Norwegian research reveals that private, manipulative decision-making is rife on company boards and that some directors are more equal than others. An academic study from the Scandinavian country that mandates that company boards must comprise at least 40 per cent women confirms what many female directors already know: Men are chronically underprepared for board meetings.
Although the study by prominent Norwegian corporate governance researcher Morten Huse focuses on the experience of women in the boardroom, its underlying finding of how boards make decisions is of critical concern.
The conclusions are damning because they show that decisions at board level are more likely to be made outside the boardroom by directors who have deliberately created an inner circle of influence.
This form of behaviour often excludes the female director and is therefore a problem in itself. Of even greater concern, however, is the apparent lack of transparency in board decision-making. This undermines the attributes most cherished by board members - those of integrity, trust and credibility.
The study, Gender-related boardroom dyna-mics: How Scandinavian women make and can make contributions on corporate boards, which was co-written with Anne Grethe Solberg, found that board members do not have equal admission to all decision-making arenas.
Decision-making takes place inside the boardroom as well as before and after meetings. "I haven't made phone calls in advance and manipulated decisions," one survey participant says. "However, this happens often in the board. I believe men do so more often than women. They talk before the meetings. They clarify things ahead of meetings. I have attended many board meetings where I have not been able to understand why something suddenly has been decided without having been discussed."
One reason for this is the apparent lack of preparation for board meetings by male directors compared with the depth of preparation by their female colleagues. The study finds that "most men do not prepare well [for board meetings] and women directors do their homework".
Survey participants say men "read the board papers one page ahead" during the meeting. Others "talk into the air" to "buy time" to catch up with the discussion and to try to hide the fact that they haven't read the papers prior to the meeting.
One female director says male board members are often so underprepared that they only open the envelope holding the papers in the lift on the way to the meeting.
This director jokes that one way to improve the quality of discussion and decision-making at the table is to locate the boardroom as far away as possible from where directors park their cars.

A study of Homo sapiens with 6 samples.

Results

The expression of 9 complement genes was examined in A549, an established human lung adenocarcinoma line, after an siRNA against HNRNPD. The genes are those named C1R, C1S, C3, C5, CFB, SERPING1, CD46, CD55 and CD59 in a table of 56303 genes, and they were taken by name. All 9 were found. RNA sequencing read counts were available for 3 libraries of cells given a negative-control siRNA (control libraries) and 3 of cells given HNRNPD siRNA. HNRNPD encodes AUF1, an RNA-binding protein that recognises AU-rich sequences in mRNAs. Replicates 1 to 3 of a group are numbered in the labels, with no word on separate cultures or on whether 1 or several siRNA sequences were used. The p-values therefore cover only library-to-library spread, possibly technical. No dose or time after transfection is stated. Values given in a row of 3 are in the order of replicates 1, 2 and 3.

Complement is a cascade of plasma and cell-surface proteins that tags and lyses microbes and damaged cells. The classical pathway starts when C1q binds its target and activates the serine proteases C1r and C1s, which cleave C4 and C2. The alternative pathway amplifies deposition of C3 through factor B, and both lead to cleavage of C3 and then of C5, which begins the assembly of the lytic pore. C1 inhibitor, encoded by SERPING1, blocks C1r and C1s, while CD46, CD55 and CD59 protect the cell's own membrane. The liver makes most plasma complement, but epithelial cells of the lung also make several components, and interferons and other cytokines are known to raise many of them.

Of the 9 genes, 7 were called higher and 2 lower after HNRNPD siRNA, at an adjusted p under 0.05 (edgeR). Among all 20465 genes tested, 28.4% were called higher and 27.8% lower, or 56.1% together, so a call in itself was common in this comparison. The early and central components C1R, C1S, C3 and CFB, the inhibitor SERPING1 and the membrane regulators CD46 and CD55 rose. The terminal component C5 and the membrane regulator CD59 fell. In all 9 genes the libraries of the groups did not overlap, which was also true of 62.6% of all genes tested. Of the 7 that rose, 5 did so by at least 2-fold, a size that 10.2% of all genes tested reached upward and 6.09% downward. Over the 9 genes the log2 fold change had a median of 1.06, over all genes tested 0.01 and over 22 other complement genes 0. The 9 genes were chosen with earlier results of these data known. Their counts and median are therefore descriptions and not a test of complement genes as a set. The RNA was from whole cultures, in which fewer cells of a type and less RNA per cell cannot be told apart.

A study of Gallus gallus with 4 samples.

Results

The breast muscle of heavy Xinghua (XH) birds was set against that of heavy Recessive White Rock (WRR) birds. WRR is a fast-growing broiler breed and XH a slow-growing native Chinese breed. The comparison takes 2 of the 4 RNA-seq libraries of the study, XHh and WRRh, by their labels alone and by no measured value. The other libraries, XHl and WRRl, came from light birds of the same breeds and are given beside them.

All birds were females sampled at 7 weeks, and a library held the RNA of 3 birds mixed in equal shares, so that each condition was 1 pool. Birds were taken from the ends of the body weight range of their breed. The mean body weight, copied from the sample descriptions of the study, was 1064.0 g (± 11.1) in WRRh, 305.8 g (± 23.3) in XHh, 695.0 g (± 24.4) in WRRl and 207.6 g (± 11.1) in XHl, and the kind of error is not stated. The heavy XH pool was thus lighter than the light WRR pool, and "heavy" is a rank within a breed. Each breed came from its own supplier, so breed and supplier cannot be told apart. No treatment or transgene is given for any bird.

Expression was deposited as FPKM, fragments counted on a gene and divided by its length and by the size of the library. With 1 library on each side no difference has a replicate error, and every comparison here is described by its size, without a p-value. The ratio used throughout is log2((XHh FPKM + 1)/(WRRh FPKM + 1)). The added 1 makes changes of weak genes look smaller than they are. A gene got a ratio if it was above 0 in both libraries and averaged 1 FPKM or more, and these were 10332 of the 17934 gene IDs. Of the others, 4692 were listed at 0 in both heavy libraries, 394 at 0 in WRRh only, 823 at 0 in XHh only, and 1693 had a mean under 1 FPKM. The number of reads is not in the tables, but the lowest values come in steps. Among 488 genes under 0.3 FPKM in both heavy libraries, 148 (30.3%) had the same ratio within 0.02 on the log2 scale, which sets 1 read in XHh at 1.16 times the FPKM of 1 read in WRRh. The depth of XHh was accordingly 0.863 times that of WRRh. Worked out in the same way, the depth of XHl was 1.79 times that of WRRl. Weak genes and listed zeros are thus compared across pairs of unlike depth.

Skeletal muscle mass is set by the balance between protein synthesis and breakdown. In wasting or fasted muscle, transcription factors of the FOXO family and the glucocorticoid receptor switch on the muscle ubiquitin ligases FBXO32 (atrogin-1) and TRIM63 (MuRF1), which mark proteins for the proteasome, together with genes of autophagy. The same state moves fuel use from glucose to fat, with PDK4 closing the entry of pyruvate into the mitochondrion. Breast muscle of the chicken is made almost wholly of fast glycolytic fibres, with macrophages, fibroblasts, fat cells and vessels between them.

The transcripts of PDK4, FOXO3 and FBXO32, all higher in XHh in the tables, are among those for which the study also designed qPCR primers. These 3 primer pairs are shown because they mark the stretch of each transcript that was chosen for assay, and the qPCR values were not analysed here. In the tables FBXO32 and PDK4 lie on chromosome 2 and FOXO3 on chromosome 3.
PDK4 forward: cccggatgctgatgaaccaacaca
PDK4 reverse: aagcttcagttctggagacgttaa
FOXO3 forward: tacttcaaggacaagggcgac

"Decisions are often prepared at other arenas than the boardroom," the survey finds. "These arenas may be formal and informal. They may be hidden or unconscious, and that may not be equally open to all board members. We still have a society where women and men do not have access to the same arenas."
In 2006, Norway passed legislation requiring that 40 per cent of corporate board seats must be given to women within two years. Women hold seats on between 80 and 90 per cent of the boards in Norway, which is the highest proportion of female corporate directors of any country.
Since the introduction of the Norwegian legislation, Sweden, Finland, Iceland, Switzerland and Spain have passed different versions of this model, with varying legislated quotas.
"Various authors have argued that women directors on corporate boards offer many contributions," the study concludes.
"Indeed, by being more receptive to the contributions of women at the top, corporations can gain competitive advantage. Women directors may also serve other corporate women as role models."
Men may argue legitimately that if the situation were reversed, then women would exclude the token male in any decision-making conducted outside the boardroom. This may be true but is not likely to happen any time soon.
At a corporate lunch of prominent women business leaders, much-lauded chairman David Gonski began his keynote speech with the observation that he was one of three men in a room full of women. "Now I know how a woman must feel in the boardroom," he told the Women in Finance lunch.
Five ways to beat the system
The study by the Norwegian School of Management identifies five ways women can make contributions to board decision-making. These are by:
- Creating alliances.
- Preparation and involvement.
- Attending important decision-making alliance meetings.
- Taking on leadership roles.
- Being visible.
- These conclusions were reflected in the results of a survey by Corporate Women Directors International, which asked participants to nominate reasons for the continued low representation of women on corporate boards. The top three reasons were:
- Board recruitment culture remains basically within a closed club.
- Continuing resistance to board diversity from a male-dominated corporate culture.
- Female achievers are not visible to male CEOs and board members.
Ann-Maree Moodie is the author of The Twenty-first Century board: Selection, Performance and Succession, Australian Institute of Company Directors, 2001.